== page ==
Cryptocurrency has become a massive industry, with a collective value worth over 160 billion dollars only in the space of 11 years. The upsurge in the popularity of cryptocurrency could be blamed on the nature of modern living. We’ve become so used to convenience, and purchasing items with a wallet full of bitcoins is quicker than any other payment method.
However, with every new financial trend comes a new wave of scams and hackers, who are here to cheat you out of your hard-earned digital cash.
What are the dangers you face with cryptocurrency transactions?
At only 11 years old, the cryptocurrency market is prone to scams and bogus investment schemes. It’s a fresh, new industry that hasn’t quite ironed out all the issues. Sometimes, an investment opportunity appears seemingly out of thin air, offering returns that will keep your digital wallet bulging. All it needs is a couple of thousand dollars worth of capital for a new cryptocurrency. There isn’t much you can do to verify those claims — you just need to have blind faith. As we know in finances, blind faith is not a worthy enough motivator for new investors.
The problems of having a currency that is entirely electronic become apparent when you look at the added risks associated with any online activity. What happens if you accidentally click on a malware-ridden ad? What if you fall victim to an email phishing scam? Once that worm or virus is injected into your network, all your credentials are compromised. When a hacker has a backdoor to your computer and sniffs out your hot wallet, say goodbye to all that bitcoin.
Unfortunately, it doesn’t stop when you go offline. If you think you’re dodging a bullet by regularly disconnecting yourself from the net, think again. Some spyware can remain hidden on your computer, gathering every keystroke you make and logging any passwords and usernames you enter. As soon as you reconnect to the web, that information is sent back to the hacker. What they do with that data depends on what kind of data the spyware collected. If you’re unlucky, it gathered the passphrase to your hot or cold wallet.
What can I do to lessen the risks?
The first step is knowledge. Cybercriminals rely on the uninformed and ignorant. Train yourself to notice scams and research what the telltale signs are. Are they offering a new form of cryptocurrency at a premium price? Probably fake. Look into common scams that hackers will try and inflict on you. Send suspicious emails straight to your junk folder and never click on any email links you don’t recognise.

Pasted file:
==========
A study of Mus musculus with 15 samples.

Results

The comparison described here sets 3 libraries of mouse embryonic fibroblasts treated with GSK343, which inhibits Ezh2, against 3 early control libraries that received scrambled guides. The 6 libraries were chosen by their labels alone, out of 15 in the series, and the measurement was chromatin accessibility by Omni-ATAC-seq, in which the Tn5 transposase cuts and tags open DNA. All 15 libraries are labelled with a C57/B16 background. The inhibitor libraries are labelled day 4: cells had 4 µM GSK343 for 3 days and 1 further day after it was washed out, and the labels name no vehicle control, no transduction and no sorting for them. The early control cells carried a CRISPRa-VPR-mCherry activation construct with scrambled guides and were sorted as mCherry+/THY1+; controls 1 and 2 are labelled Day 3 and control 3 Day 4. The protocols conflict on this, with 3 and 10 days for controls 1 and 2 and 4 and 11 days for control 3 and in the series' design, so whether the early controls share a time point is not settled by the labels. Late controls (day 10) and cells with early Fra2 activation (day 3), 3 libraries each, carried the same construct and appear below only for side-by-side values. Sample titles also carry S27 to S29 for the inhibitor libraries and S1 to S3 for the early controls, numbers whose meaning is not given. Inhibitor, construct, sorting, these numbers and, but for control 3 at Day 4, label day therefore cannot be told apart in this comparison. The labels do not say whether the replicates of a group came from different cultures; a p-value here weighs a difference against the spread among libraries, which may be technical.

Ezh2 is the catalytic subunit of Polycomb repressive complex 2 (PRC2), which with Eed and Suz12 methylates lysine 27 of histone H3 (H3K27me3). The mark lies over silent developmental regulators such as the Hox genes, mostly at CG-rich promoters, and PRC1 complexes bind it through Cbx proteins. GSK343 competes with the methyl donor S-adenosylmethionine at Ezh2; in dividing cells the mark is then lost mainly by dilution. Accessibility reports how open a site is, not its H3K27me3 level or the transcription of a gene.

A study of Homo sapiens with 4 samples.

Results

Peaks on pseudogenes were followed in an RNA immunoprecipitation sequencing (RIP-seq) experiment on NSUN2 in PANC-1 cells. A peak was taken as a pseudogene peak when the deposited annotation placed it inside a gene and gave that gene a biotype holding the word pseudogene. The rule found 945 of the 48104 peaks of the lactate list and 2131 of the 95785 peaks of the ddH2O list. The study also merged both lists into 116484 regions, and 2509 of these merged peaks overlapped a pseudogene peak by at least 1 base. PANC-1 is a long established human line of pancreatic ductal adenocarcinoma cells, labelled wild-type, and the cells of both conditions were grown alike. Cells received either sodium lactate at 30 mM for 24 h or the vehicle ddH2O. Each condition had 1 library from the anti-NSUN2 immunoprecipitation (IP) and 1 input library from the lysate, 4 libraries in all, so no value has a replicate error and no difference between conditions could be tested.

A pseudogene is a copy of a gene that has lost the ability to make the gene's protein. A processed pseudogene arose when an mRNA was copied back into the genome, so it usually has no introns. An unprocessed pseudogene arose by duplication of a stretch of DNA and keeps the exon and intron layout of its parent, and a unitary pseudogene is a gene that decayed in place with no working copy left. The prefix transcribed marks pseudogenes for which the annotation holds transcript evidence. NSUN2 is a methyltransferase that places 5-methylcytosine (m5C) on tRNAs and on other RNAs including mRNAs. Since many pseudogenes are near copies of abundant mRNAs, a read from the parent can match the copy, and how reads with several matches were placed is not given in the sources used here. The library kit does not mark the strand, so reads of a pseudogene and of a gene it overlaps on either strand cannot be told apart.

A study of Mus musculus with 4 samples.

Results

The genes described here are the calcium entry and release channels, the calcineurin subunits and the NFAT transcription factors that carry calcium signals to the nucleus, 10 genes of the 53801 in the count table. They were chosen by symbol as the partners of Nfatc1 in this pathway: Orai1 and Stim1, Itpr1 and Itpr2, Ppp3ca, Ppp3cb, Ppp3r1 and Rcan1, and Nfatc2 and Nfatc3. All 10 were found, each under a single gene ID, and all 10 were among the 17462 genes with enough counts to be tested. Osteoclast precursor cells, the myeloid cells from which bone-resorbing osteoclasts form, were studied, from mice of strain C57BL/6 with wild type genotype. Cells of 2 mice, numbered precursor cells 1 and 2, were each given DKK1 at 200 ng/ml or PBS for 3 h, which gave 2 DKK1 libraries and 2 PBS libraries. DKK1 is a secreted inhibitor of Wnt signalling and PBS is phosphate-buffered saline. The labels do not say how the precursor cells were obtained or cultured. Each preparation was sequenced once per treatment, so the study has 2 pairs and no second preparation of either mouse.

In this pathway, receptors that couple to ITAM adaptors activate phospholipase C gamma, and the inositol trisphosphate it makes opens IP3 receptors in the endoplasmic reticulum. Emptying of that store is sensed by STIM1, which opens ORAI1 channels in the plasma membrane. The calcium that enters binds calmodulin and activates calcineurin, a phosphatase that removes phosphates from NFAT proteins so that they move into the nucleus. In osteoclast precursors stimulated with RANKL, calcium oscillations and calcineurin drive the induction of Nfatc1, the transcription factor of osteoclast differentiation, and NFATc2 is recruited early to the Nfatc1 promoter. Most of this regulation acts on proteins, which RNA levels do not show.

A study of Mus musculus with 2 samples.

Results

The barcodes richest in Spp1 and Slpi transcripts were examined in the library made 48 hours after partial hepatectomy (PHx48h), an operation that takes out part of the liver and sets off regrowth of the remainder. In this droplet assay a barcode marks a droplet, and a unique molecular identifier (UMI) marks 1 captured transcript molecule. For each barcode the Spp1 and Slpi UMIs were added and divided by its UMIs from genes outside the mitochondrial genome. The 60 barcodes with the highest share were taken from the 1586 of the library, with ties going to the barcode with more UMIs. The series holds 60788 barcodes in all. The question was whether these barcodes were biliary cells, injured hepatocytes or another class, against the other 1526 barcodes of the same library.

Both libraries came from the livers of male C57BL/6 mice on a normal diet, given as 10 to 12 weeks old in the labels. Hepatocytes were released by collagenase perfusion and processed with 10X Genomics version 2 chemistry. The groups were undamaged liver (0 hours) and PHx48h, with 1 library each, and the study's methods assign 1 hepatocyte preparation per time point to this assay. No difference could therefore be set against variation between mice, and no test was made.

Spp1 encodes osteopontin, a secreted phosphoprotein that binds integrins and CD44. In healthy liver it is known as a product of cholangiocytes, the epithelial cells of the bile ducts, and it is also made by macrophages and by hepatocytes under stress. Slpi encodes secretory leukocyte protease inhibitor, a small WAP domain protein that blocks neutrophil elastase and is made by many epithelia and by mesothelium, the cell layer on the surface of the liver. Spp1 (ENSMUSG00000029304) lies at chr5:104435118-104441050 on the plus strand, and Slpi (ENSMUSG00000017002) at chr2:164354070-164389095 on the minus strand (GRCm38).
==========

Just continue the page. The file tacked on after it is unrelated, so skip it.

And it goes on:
The best way to protect yourself and your online transactions is to reduce the target on your back. A VPN is the perfect solution.
With a VPN, your online activity will be completely hidden, as will your IP address. If a hacker were to spy on your network, they wouldn’t be able to see what you’re doing. And if they persist, they’ll find several roadblocks. Firstly, your physical location is hidden. Your IP address will be the same as the IP address of whatever server you chose to connect to. Secondly, they’ll need to break through an encrypted tunnel.
With a service like NordVPN, that tunnel has the same encryption protocols that Silicon Valley tech giants use. Your standard hacker will not be able to break through with their setup. Even dedicated hacker teams would need thousands of years to try and decrypt the cipher. Once they spot the type of encryption they’re up against, they’ll realise what a waste of time it is to continue with their fruitless endeavour.
The best thing about NordVPN is that you can use it on the go. We all know how crucial a last-second transaction can be and just how handy having a cryptocurrency app on your device is. Unfortunately, being on the go also means having to rely on public Wi-Fi sometimes. Once again, hackers will be thwarted in their spying attempts. The NordVPN app is compatible with all devices, and all it takes is a tap of a button to activate.